By Alex Gladu, Content Writer, Independent We Stand
Social media is often an afterthought for busy small business owners – but research shows that it should be anything but. Seven out of 10 consumers say they are more likely to use a local business if it has information available on social media. An even larger percentage – 85 percent – says they expect businesses to be active on social media. These numbers don’t just tell us that it’s important to be on social media, but also that it’s important to use social media the right way – that is, regularly and clearly.
1. Social media reviews matter.
Social media isn’t just for sharing pictures of your pet anymore. Customers are visiting sites like Yelp and Facebook to find reviews of your business – so make sure you know what they’re finding. In fact, restaurants with 3.5 stars on Yelp are 63 percent more likely to be full than those with just three stars, and 68 percent of consumers say they go to social networking sites to read product reviews.
Although you can’t exactly control what people post about your business, you can take steps to improve your ratings over time and prevent negative reviews before they occur. First of all, it’s a good idea to monitor what people are saying about your business so that you know what reputation exists for your business online. Once you know what people are saying, start to address the complaints they’re having. If you find negative reviews, respond to them! A simple apology to a dissatisfied customer and a promise to fix whatever issue they’re mentioning can go a long way to gaining customers’ trust and appreciation.
2. Not all social media marketing is free – but it can be worth it.
Social media presents a huge opportunity for small businesses – it attempts to level the playing field between big businesses with big marketing budgets and small businesses with understandably smaller budgets. Setting up a profile and posting on social media sites like Twitter and Facebook is free, but paying a small price for ads on these sites is important to consider as well.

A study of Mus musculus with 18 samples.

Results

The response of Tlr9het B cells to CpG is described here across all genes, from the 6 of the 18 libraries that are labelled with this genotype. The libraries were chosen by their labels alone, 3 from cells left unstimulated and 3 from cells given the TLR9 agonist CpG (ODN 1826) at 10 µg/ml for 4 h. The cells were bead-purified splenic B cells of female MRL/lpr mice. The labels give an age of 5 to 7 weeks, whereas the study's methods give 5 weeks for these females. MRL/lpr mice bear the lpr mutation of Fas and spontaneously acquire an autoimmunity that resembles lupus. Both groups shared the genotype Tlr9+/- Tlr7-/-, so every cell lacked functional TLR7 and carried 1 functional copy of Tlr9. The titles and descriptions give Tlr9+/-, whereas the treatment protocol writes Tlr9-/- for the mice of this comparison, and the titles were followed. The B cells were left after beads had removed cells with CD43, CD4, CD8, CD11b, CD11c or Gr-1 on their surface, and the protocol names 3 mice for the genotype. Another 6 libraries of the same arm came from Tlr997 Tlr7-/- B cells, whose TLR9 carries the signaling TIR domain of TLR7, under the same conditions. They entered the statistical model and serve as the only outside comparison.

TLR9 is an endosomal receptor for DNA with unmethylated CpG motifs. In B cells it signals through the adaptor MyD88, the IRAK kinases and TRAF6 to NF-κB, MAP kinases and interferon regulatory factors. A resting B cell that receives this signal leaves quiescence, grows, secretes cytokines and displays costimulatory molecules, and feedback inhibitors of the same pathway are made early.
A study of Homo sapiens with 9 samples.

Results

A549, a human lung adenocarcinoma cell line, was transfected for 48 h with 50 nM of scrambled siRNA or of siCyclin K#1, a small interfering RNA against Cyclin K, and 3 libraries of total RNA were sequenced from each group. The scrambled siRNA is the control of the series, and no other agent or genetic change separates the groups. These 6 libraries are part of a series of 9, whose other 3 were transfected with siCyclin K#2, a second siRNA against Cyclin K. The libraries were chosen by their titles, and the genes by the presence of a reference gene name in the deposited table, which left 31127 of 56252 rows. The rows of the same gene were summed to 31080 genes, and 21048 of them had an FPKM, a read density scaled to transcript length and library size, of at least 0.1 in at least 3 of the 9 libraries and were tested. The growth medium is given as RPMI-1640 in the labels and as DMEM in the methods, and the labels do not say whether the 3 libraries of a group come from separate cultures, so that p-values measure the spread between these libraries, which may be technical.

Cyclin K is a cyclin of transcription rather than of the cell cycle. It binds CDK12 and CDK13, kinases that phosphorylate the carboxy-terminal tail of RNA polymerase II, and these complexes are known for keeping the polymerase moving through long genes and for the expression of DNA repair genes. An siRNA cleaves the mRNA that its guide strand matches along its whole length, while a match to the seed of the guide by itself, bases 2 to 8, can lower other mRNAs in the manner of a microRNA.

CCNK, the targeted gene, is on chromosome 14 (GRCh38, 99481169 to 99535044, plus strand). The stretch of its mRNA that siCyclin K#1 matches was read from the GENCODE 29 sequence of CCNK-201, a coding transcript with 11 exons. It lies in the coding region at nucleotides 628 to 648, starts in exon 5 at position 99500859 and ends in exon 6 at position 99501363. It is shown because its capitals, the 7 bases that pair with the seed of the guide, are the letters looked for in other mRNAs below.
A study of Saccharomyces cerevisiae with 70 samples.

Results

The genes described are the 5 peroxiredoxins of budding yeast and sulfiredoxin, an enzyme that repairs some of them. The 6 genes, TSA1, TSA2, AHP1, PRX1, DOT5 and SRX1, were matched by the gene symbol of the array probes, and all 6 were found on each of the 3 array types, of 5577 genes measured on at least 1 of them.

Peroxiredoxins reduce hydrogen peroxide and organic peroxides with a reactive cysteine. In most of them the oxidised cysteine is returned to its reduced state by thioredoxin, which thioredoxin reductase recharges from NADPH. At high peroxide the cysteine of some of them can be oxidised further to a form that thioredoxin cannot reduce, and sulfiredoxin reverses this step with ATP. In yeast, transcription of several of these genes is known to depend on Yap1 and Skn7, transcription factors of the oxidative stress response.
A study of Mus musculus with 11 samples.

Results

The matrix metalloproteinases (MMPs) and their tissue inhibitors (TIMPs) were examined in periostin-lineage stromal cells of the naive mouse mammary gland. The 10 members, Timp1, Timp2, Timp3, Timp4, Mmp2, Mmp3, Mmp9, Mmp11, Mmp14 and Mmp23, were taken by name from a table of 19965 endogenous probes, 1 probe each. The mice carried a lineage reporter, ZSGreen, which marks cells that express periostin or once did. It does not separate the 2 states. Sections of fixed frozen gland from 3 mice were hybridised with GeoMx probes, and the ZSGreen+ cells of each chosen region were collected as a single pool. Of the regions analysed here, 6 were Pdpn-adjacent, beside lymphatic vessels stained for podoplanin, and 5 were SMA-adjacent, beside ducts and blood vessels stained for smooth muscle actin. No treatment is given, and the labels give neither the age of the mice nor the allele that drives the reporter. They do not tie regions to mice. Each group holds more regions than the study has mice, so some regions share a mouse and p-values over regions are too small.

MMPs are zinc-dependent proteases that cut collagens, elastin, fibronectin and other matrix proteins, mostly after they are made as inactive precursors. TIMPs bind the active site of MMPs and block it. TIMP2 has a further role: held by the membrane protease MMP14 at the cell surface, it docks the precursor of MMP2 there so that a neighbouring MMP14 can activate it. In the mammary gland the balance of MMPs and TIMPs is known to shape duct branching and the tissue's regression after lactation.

Twitter recently unveiled a new tool to help small businesses maximize their social media marketing budgets. Quick Promote lets users quickly turn a tweet into promoted content that shows up on the feeds of Twitter users beyond your followers. That way, you can spread a timely and resonant message to Twitter users who might not otherwise see your posts.
3. Not all social media sites are created equally.
When it comes to social media, as with any marketing activity, it’s important to know your audience. According to Statista, most Facebook users are ages 25 to 34, while most Twitter users are ages 18 to 24. Additionally, LinkedIn generates more leads for B2B companies than Facebook, Twitter or blogs.
To make the most of your social media activity, decide what audiences you need to reach and then find out where they are online. Sites like Facebook and Twitter offer analytics tools to business users so that they can get an idea of exactly whom they’re reaching with their content.
Social media can change the way that customers view your business. It’s an opportunity to engage with specific audiences and share information without spending too much money. This month, try getting social with your business, so that your business can get more acquainted with new and existing customers.
This post is part of a twelve-month series by Independent We Stand. Each month, we’ll feature a new way to promote your small business. If you have a tip or tool that you’d like to share with small business owners, please leave a comment below or email email@example.com.
Independent We Stand inspires small business owners across the country to celebrate their locally owned status and help consumers understand the importance of supporting them.
Unless otherwise stated, all statistics are via LocalVox.
About Alex Gladu
Alex is a senior at the University of North Carolina at Chapel Hill, where she is double-majoring in Public Relations and Spanish. Since becoming a writer for Independent We Stand, she has fully adopted the ‘buy local’ lifestyle. Her favorite indie business is Sugarland, a bakery in Chapel Hill, N.C, where she has been known to go a little cupcake crazy. She hopes to attend law school and pursue a career in nonprofit or political communication.